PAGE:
The Marcos legacy - history will be the final judge

Sunday October 08, 2017 ()

Marcos Legacy

During his first State of the Nation Address, President Ferdinand E. Marcos bared plans for the country's economic development, including an aggressive infrastructure program encompassing a nationwide network of roads and bridges, dams and power plants, hospitals and institutions, among others - infrastructure that still stand today.

These include the Maharlika Highway connecting Luzon to the Visayas and Mindanao, North Luzon Expressway, South Luzon Expressway and Circumferential Roads 1-10, as well as medical institutions, like the Philippine Heart Center, National Kidney and Transplant Institute and Lung Center of the Philippines; state colleges and universities, such as Don Mariano Marcos Memorial State University, Bicol University and Cagayan State University; San Juanico Bridge, Mactan-Mandaue Bridge, Tiwi Geothermal Power Plant, Pantabangan Hydro Electric Power Plant and the BLISS housing projects.

The Marcos legacy - history will be the final judge

The Marcos administration also promoted Filipino culture and put up sites showcasing the rich Filipino heritage, including the Philippine International Convention Center, Cultural Center of the Philippines, Folk Arts Theater, Film Center of the Philippines, National Arts Center in Makiling, Nayong Pilipino and People's Park in the Sky in Tagaytay. Free concerts were held at parks for the public to enjoy classical music, such as "Concert at the Park", "Paco Park Presents" and "Puerto Real Evenings".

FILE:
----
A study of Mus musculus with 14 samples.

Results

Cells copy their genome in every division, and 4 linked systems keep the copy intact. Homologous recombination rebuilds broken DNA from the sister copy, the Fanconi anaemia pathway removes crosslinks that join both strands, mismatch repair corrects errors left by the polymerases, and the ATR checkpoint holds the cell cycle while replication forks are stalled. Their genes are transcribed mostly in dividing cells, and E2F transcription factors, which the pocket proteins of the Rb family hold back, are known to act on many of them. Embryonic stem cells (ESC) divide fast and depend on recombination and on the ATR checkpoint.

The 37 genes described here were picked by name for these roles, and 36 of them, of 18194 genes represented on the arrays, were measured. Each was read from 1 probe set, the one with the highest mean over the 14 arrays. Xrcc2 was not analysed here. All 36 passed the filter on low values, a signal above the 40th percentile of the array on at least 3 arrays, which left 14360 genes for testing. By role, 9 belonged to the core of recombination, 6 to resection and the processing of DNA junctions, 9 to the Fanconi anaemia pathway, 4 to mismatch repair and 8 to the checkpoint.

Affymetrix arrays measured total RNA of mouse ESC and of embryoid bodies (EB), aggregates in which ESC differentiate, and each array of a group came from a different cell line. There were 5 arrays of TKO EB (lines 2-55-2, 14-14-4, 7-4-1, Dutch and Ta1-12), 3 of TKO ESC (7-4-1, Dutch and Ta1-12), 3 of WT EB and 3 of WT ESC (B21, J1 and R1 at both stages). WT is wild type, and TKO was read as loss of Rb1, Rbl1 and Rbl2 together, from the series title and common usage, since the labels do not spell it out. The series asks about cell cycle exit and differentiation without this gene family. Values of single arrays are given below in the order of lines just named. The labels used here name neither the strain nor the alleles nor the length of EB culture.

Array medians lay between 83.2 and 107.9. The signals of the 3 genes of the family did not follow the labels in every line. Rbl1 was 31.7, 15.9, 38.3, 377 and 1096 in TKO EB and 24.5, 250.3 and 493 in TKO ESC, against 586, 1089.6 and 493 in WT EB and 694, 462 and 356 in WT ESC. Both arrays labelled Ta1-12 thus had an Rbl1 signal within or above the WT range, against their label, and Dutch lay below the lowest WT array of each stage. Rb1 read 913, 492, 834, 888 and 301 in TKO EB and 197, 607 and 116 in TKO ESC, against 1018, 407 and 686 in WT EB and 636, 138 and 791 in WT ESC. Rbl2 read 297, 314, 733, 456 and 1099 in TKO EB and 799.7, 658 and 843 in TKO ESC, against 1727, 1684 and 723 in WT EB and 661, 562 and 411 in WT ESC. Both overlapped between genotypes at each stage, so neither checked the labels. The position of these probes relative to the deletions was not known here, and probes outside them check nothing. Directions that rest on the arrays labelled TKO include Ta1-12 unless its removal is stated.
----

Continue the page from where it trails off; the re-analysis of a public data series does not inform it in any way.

The National Manpower and Youth Council was founded in 1976 and is now the TESDA or Technical Education and Skills Development Authority.

President Marcos' Presidential Decree 27, which called for the "emancipation of tenants from the bondage of the soil", was also among his notable contributions to social justice.

In the field of diplomacy, Marcos initiated the formation of ASEAN in 1966 - together with the heads of state of Indonesia, Malaysia, Thailand and Singapore - that has since grown to 10 member-states. The country also hosted a summit of seven countries - the US, South Korea, South Vietnam, Thailand, Australia, New Zealand and the Philippines - to discuss the worsening conflict in Vietnam and the containment of communism in Southeast Asia.

Marcos declared martial law in 1972 to contain the growing communist insurgency and to usher in a "New Society" founded on his vision of a new social order marked by economic, political and social reforms. In his book, Notes on the New Society, he referred to it as a movement aimed at liberating the Filipino people from poverty. The Philippines actually attained self-sufficiency in rice in 1968 by promoting the cultivation of hybrid rice. And one of the most important economic programs in the 1980s was the Kilusang Kabuhayan at Kaunlaran, which encouraged barangay residents to engage in livelihood projects.

All this, describe as the late president's legacy to the nation.

Critics of the Marcos administration would almost certainly take a dim view of such an assessment of this period in our contemporary history.

In the end, history will be the judge of the Marcos years.